My March 2017 column for The Echo
Conspiracies of Men and God
by Frank DeMarco
In conspiracies, as in politics, there are no final victories.
Notice, this is not to say that conspiracies never succeed. Often enough, they do, in whole or in part. Often enough, their effects are disastrous. Nobody who lived through the aftermath of the murder – and the subsequent cover-up of the murder – of John F. Kennedy needs instruction on just how disastrous the effects can be.
But not even the most successful conspiracy can control life.
I know that’s what we fear. In our worst nightmares, we see ourselves entering the dystopias of 1984 or Brave New World. God knows, we see enough signs around us that we are on a slippery slope, and sliding faster and faster. Our feelings are screaming to us that we may be in the last days of the republic.
Well, maybe so. But maybe not. Often enough, strong feelings are less a natural reaction to events than a reflection of our fears. Fear often throws shadows on our nighttime walls, shadows that may be mistaken for reality. It is one thing to know, as a general rule, that conspiracies do sometimes occur, and do sometimes succeed. It is a very different thing to know whether this or that specific allegation is true. Feeling something strongly is not proof that our feelings are correct.
Here’s something to consider. Even if our worst fears are correct, the consequences that follow will be vastly different from what anyone on any side desires or predicts.
For many years, I intended to write a novel showing that people are always conspiring, but that even when a specific conspiracies succeeds, unanticipated effects follow. I was going to call it Conspiracies of Men and God, to express the fact that life is always larger than our ability to master it.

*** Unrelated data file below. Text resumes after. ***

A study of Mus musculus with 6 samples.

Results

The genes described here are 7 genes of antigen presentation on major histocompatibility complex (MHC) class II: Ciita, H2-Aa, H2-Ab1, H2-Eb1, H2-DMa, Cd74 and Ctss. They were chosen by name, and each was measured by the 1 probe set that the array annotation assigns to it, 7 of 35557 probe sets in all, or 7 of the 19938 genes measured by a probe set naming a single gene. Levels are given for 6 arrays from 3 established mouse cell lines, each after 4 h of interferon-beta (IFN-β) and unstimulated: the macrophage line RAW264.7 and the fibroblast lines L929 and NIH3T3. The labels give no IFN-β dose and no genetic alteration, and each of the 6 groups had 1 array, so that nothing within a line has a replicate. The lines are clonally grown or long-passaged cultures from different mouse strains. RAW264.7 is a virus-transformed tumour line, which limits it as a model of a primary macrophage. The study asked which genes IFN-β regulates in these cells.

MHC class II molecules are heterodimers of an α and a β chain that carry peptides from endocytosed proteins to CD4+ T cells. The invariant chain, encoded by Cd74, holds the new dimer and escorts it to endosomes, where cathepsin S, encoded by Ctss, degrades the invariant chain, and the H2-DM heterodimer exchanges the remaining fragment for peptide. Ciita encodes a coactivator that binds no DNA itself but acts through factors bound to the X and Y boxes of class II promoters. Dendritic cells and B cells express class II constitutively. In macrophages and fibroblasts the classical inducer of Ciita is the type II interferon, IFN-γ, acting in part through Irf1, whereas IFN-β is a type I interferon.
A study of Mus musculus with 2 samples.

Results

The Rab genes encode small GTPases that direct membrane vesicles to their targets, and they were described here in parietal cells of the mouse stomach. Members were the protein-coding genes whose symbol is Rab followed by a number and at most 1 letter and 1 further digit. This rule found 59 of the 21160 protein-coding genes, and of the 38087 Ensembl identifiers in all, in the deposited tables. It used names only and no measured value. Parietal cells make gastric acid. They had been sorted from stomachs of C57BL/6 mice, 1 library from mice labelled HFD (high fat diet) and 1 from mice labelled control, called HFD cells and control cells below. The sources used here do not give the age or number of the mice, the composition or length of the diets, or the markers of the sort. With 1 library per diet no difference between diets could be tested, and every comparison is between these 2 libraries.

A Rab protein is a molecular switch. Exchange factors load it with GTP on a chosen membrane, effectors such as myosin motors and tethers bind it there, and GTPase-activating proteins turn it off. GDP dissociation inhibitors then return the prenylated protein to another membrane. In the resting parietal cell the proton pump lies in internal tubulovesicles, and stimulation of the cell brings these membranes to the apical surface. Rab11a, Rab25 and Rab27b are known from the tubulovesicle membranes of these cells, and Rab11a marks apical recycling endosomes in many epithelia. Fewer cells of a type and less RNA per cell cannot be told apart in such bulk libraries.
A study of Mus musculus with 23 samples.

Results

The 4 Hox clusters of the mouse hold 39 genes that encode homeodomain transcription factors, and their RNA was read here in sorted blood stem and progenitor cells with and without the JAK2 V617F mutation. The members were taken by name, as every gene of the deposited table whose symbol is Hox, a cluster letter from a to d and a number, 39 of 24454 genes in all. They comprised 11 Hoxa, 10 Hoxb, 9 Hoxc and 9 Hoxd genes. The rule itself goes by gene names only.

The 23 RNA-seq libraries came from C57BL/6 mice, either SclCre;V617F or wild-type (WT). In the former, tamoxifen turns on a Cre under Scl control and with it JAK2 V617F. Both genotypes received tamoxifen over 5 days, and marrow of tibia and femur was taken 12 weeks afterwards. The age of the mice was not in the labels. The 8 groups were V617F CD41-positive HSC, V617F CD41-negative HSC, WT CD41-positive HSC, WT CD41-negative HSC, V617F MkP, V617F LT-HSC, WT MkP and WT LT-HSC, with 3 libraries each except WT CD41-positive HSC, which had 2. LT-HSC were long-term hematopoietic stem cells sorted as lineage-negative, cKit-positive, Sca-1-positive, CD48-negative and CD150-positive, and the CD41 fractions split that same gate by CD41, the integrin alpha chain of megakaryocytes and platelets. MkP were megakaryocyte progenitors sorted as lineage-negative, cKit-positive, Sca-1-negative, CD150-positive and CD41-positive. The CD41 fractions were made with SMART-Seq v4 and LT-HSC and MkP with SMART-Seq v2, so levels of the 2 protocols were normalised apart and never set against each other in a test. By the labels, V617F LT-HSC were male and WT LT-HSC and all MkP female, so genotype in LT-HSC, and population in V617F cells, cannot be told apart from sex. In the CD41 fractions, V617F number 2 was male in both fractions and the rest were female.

Consider the remarkable career of Charles de Gaulle. When you read his wartime memoirs, what stands out is that, from 1940 onward, his career might be looked at as an example of a benign conspiracy. Beginning alone, with no official position, no army, no treasury, in five years he rebuilt the essentials of the French state. He did it by knowing what needed to be done, and feeling his way toward the means to do it. But the point is, he was no one-man-band. In order to do what needed to be done, he had to attract others to his standard, and had to find necessary resources.
But even that miraculously successful conspiracy – call it that – could only go so far. After the war, politics as usual resumed, and he recognized that his choices were only three: to become a dictator, which would be self-defeating; to allow himself to be coopted into the system, which would destroy the moral authority he had accumulated in five years of struggle, or to retire until his country might call him again, which, in 1958, it did. This man who had rebuilt a state could mold circumstances only so far.
Or, on the other hand, consider the complementary career of Adolf Hitler, the head of a very successful malign conspiracy which took over a state, for a while threatened to take over the world, and then brought itself and Europe into ruin. He was not a one-man-band either. His henchmen, Goering, Goebbels, Himmler, etc., planned and executed the takeover of the German state, then, in six years, sowed the wind that first overshadowed all of Europe, and then, in another six years, reaped the whirlwind.
These creatures of hatred knew how to whistle up the demons that lurked in the hearts of the German people following their dreadful sufferings of the two decades following 1914. Once in control of the German state, they whistled up demons in the countries around them, demons whose shrieks evoked fear and trembling. And then Hitler’s conspiracy, like de Gaulle’s, found itself unable to impose itself upon the world.
(Unlike de Gaulle’s conspiracy, Hitler’s evil called forth the forces that would destroy it. I sometimes think that the worst effect of evil is that it calls forth forces that will destroy it. If Hitler had never existed, would we be living in the shadow of the atomic bomb?)
These are dark times, and nobody knows if this is the darkness of midnight or the darkness before the dawn. That there are conspiracies being woven around us seems clear enough, but no one alive can see what the net effect of so many contending efforts will be.
But no matter who dark things get, sooner or later daylight always returns. And no matter how strong the forces of evil, or even of good for that matter, it is worth remembering that nobody ever succeeds in bending all of life to their design.